On the list of all-time great female jazz vocalists, you’ve got legends like Billie Holiday, Ella Fitzgerald and Sarah Vaughan. Hovering somewhere just below them, you’ll invariably encounter the name Anita O’Day. It’s not a name familiar to the garden-variety music listener. But to those in the know, it speaks volumes. Anita O’Day: pioneer, innovator, icon. O’Day is noted as much for her inimitable vocal style as for the sheer fact that she walked the walk as well as talked the talk.
When asked late in her career (by Bryant Gumbel, of all people) about the mountainous obstacles in her storied career (obstacles on the order of rape, abortion, jail time and heroin addiction), this dame responded with a famously offhanded but telling quote: “That’s just the way it went down.”
Captured in all her rough-edged, highly resilient glory by first-time filmmakers Robbie Cavolina and Ian McCrudden, Anita O’Day finally gets her day in the sun, courtesy of the vibrant musical doc Anita O’Day: The Life of a Jazz Singer. Naturally, there is the usual retinue of critics, fans, composers and fellow musicians ready, willing and able to sing the lady’s praises. But the most compelling evidence comes from the woman herself. Brutally honest, incredibly entertaining interviews with the eightysomething icon (completed mere weeks before her in death November of 2006 and supplemented by choice “on the couch” clips with Dick Cavett, David Frost and Harry Reasoner) reveal an iconoclastic performer. Over the course of 70 or so years, Ms. O’Day bucked convention and contemporary trends because she acknowledged none of it. Early gigs with Gene Krupa and Stan Kenton’s orchestras are marked by star-making performances (in an era when singers were mere backup), energetic stage presence (when singers were expected to stand regally still), ping-pong interaction with various members of the band (a white woman singing with black men was certainly a no-no), and a “one of the boys” fashion sense that had her dressing in suits and skirts (a cocktail dress being the de rigueur uniform for female songbirds). Of course, it is images of O’Day’s stage performances (captured in vintage Soundie film shorts, television appearances and concert footage) that argue most convincingly for the woman’s musical canonization.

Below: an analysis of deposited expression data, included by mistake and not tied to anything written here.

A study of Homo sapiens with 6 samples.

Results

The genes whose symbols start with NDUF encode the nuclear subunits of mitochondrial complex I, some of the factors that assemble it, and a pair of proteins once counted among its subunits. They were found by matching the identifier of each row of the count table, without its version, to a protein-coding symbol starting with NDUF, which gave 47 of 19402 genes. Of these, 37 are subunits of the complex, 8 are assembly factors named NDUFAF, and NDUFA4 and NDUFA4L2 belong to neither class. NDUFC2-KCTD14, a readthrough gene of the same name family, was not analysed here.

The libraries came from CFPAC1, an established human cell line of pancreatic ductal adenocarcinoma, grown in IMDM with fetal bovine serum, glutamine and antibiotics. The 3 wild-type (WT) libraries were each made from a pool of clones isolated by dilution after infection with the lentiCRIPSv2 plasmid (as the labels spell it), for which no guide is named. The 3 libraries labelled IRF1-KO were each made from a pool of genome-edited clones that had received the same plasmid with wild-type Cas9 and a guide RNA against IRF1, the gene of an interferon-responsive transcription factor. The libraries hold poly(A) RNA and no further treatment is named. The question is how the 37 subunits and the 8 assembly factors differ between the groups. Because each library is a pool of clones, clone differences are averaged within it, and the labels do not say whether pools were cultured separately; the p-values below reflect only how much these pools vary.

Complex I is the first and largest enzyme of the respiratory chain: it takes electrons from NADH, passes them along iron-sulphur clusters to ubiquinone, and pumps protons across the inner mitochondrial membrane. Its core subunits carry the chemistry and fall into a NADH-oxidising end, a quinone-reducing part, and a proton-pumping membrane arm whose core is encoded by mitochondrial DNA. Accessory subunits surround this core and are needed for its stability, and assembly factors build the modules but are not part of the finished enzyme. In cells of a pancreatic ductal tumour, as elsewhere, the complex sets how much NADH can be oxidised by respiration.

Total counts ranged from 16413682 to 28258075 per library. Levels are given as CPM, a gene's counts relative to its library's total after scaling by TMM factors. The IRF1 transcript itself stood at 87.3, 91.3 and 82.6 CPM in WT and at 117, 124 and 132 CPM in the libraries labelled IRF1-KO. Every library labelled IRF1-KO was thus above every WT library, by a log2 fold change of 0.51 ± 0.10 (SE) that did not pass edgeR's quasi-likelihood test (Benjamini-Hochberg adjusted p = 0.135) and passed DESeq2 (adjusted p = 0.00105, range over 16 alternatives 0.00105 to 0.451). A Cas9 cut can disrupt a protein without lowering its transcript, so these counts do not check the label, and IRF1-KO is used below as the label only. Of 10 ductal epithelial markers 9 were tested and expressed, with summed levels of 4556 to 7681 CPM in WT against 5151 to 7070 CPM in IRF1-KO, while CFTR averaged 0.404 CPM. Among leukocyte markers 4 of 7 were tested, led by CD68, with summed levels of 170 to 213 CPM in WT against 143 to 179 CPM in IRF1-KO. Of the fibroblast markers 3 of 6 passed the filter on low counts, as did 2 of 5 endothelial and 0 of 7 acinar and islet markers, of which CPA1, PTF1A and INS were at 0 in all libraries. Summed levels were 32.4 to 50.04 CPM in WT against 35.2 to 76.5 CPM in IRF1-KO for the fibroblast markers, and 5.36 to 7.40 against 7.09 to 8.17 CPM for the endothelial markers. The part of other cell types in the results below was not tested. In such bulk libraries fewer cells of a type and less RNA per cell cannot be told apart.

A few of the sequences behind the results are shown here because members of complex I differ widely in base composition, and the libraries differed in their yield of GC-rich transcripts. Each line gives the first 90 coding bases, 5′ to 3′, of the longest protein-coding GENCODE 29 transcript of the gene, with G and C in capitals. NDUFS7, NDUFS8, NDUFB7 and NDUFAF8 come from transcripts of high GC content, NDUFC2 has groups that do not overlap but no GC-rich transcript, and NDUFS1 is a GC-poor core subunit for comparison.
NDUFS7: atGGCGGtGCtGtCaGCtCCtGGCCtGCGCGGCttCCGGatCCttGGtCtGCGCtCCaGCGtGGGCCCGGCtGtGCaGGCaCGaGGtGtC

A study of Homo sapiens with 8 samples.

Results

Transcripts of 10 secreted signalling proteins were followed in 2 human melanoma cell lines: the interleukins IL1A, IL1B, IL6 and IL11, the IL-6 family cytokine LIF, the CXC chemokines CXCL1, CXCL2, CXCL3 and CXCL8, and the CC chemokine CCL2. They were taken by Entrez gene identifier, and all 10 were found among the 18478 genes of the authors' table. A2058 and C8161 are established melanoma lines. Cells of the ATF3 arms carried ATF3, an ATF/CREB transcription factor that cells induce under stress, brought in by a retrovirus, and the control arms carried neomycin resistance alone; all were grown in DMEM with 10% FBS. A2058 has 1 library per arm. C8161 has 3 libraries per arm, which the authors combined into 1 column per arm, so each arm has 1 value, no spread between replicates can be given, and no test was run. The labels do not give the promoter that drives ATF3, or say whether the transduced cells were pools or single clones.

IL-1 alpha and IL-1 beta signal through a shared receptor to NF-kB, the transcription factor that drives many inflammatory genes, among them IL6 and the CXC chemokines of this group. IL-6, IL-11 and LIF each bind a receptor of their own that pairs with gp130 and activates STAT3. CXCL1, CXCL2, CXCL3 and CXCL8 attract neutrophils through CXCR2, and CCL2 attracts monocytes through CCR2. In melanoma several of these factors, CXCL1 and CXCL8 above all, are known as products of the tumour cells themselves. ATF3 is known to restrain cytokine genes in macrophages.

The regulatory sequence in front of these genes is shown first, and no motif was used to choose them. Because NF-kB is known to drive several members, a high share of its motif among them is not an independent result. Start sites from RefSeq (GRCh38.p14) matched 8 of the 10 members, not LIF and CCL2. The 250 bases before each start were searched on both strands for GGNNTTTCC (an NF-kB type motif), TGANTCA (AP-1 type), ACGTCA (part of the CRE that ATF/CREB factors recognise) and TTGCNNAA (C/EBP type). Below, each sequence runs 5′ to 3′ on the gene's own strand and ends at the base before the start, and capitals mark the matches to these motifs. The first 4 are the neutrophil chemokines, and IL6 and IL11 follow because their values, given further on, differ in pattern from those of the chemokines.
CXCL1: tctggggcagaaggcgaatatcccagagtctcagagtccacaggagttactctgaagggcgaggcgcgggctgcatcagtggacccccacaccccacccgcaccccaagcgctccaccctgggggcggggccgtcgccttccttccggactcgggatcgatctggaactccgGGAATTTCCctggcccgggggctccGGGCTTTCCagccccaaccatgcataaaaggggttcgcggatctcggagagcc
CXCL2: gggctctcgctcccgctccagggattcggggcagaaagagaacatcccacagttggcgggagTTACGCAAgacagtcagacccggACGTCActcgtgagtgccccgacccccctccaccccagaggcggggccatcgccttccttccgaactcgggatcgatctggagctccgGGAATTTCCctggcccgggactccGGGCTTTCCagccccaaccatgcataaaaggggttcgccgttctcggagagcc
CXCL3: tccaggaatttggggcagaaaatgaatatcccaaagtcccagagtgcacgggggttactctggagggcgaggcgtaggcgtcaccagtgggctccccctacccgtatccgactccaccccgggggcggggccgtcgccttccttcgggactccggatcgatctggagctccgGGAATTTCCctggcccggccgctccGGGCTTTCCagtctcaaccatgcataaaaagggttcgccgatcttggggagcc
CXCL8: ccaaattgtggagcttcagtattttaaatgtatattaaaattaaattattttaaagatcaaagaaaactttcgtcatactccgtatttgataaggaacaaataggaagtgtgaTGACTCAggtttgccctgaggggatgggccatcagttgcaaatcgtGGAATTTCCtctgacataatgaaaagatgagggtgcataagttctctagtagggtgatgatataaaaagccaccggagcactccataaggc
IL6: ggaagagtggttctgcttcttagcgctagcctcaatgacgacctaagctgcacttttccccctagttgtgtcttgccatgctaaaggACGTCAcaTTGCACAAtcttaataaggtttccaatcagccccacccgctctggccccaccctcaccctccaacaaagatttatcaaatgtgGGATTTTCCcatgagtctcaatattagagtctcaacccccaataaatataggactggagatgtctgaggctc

One sequence in the film has O’Day belting out her rendition of “Let’s Fall in Love.” Of the seven or eight versions showcased here, spread out over the course of several decades, not one sounds remotely the same. Each is a compelling new take on the classic tune. Even more stunning is indelible footage of O’Day, decked out in a truly fabulous hat, performing a jaw-dropping version of “Sweet Georgia Brown” at the Newport Jazz Festival in 1958. It’s a mesmerizing, career-defining performance. You don’t even realize until halfway though which song she’s singing. It sounds that fresh.
From her early days performing “red hot” jazz to her incalculable contribution to “bebop” jazz, The Life of a Jazz Singer traces O’Day’s personal evolution as well as the evolution of the art form. Even those with little previous taste for the genre will find The Life of a Jazz Singer an incredible odyssey. Funny, flawed, defiant and damnably talented, Anita O’Day is certainly a ripe subject for the biography treatment. As a result, this isn’t simply a film for people who know their way around polyrhythms and syncopation and whatever the hell else goes into that mysterious musical brew known as jazz. If you know absolutely nothing about jazz (my hand is raised), you will know something after watching this. If you’re already a fan, then Anita O’Day: The Life of a Jazz Singer is indispensable viewing.